NEW YORK – From war hero to compassionate conservative, the daily themes at the Republican National Convention are meant to remind Americans that President Bush is a versatile leader with plans that move beyond war and into four years of domestic hope, Republicans in New York City say.
"I think we need to" have those reminders, Rep. Mark Kennedy, R-Minn., told FOXNews.com. Themes are needed to help melt down the major issues for an at-home audience that will see limited coverage of the daily and nightly speeches on TV, he added.
"I think you have to be focused on your message, and frankly, that is all people get are the themes, and all of that will bubble back to the people back home," he said. "And I think the president’s speech on Thursday is critical for the election in terms of outlining where we are going."
Monday’s convention theme "Courage of a Nation," reached its zenith with a flashback by former New York Mayor Rudy Giuliani (search) to the Sept. 11, 2001, terror attacks. The retrospective was meant to remind Americans where the country was three years ago and what the administration has done since then to heal and protect the country from future attacks.
"I do believe that there are times in our history when our ideas are more necessary and important for what we are facing. There are times when leadership is the most important," he said.
"President Bush's response in keeping us unified and in turning the ship of state around from being solely on defense against terrorism to being on offense as well and for his holding us together. For that and then his determined effort to defeat global terrorism, no matter what happens in this election, President George W. Bush already has earned a place in our history as a great American president," he continued.
For Tuesday’s "Compassion of the American People" theme, first lady Laura Bush is expected to discuss her husband’s compassionate conservative (search) domestic agenda. The evening’s speaker schedule wraps up with a much-anticipated speech by moderate California Gov. Arnold Schwarzenegger.
On Wednesday, the "Land of Opportunity" is the theme on which maverick Democratic Sen. Zell Miller of Georgia will expound.
Though national security competes with the economy as the top voter priorities in most polls, Republican officials said Monday that they believe Bush could round out those issues by talking about his successful efforts in health care reform, like his signing a bill to add a prescription drug benefit to Medicare, and education funding under "No Child Left Behind," (search) which is set to increase some 40 percent from four years ago, according to Republican lawmakers.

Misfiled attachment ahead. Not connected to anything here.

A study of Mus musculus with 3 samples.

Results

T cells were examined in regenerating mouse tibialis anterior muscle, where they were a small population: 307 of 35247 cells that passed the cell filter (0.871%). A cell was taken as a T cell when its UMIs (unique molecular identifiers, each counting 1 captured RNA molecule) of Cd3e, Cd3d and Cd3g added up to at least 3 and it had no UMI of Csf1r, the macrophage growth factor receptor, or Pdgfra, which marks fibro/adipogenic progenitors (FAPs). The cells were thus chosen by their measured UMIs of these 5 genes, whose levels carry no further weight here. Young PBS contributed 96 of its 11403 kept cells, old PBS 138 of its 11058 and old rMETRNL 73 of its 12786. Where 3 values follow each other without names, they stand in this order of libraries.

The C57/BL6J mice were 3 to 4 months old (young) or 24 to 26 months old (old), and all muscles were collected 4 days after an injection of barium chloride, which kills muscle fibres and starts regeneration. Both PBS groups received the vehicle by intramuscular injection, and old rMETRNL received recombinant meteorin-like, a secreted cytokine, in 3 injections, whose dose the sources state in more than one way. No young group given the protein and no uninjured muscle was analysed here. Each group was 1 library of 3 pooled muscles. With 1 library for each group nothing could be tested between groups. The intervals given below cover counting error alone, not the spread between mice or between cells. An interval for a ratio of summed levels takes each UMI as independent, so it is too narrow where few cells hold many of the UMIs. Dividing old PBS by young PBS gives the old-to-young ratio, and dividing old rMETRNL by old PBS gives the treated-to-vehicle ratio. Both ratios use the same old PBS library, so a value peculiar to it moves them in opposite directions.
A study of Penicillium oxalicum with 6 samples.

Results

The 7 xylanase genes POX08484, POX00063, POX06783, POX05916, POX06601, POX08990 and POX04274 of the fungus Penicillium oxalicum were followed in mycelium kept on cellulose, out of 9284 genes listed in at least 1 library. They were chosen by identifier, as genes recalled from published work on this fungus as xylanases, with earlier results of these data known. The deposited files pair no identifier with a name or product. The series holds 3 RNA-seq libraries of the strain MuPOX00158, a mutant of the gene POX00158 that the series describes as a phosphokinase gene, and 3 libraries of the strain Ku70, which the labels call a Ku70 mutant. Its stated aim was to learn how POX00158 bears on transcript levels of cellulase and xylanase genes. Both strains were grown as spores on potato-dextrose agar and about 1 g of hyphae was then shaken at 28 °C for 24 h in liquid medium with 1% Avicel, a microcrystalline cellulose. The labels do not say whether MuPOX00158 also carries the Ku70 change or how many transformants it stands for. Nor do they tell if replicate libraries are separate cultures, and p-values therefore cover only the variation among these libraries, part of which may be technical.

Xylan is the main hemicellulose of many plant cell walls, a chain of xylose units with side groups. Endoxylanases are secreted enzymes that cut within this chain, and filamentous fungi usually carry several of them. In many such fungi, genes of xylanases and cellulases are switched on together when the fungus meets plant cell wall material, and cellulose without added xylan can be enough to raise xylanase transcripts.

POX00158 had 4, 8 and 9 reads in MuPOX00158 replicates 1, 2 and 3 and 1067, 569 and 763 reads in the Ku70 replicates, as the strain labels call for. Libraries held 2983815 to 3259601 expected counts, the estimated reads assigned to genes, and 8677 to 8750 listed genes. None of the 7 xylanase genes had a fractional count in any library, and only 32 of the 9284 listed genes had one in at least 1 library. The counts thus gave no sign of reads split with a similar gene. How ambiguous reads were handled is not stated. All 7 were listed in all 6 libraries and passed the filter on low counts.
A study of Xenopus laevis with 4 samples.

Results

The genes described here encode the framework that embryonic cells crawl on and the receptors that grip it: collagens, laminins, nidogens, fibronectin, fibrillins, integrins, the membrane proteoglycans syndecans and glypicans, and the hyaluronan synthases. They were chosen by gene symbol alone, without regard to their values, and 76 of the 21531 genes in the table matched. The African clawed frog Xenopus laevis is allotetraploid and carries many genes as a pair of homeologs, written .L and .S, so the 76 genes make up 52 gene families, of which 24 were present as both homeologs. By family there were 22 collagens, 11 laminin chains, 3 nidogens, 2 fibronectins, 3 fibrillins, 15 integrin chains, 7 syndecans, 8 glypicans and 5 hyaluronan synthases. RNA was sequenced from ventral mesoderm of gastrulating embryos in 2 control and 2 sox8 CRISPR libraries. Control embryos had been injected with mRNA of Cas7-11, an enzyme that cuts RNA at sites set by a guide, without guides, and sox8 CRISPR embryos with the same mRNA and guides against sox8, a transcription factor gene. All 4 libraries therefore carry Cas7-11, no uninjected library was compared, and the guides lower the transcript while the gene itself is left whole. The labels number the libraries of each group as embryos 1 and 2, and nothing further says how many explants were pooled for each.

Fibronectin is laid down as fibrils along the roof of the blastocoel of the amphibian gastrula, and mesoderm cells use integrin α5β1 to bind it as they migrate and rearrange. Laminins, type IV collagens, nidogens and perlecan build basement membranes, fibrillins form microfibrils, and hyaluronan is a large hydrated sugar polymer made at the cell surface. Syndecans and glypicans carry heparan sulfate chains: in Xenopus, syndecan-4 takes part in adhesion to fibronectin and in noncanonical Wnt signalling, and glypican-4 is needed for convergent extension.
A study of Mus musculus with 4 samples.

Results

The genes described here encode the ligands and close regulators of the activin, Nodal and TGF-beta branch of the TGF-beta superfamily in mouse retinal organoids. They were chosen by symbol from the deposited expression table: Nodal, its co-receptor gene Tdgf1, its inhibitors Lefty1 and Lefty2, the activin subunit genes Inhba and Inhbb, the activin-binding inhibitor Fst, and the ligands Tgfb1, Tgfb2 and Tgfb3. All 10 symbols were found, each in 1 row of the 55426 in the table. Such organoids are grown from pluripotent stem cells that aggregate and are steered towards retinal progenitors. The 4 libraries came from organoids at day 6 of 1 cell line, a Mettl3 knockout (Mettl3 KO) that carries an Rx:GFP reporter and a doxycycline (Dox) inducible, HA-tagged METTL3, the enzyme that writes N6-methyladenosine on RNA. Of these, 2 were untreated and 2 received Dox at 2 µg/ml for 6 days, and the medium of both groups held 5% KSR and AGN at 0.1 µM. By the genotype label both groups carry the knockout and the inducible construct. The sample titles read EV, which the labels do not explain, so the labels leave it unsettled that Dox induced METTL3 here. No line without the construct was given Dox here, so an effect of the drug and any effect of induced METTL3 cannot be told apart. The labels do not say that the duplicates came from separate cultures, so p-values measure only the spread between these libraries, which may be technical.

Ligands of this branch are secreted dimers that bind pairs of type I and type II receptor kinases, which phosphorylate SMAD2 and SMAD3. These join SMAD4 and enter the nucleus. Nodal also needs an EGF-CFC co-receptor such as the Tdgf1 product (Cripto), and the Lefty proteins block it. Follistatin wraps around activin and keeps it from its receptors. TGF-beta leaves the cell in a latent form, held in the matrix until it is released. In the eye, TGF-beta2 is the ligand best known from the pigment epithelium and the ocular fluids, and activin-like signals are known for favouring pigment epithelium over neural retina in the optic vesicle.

"If you look at his efforts, Medicare (search) and education, both controversial particularly, as Republican-leading efforts, it is showing he is engaged in the softer issues, but I do think it is incumbent upon him" to emphasize that, Kennedy said.
"He’s been hiding it, so he needs to get it out," said Rep. Chris Shays, a moderate Republican from Connecticut who argues the Republicans and the administration have not done enough to tout their domestic successes.
"First off, they should talk about Medicare, prescription drugs and No Child Left Behind, major accomplishments," Shays added. "So it’s important for [Bush] to use this forum wisely."
Radio talk show host Martha Montelongo blames the press in part for not giving credit to Bush's domestic successes. "I think the press is ignoring the policy that the president puts out," particularly regarding health care.
However, she said that tax policy will be be one of the staples of the campaign, and of the convention message, and she sees cutting taxes and one of the most compassionate of all conservative policy efforts.
"Tax cuts (search) benefit the poor," she said. "One of the biggest obstacles to moving out of poverty is taxes. Having high taxes is a means for keeping poor people perpetually in their class."
Ohio State Rep. Larry Wolpert called the convention's themes "a balance between the two" issues of war and domestic policy and guessed that more emphasis would be put upon the latter.
Ohio State Republican Party Chairman Bob Bennett agreed, saying that while the party faithful don’t need to be reminded, independent swing voters could use a crash course in Bush policy 101, as well as hear what he has to say on his vision for the future.
"I think the convention is one opportunity you have to address the message to the American electorate,” he said. “The swing voters are going to tune in."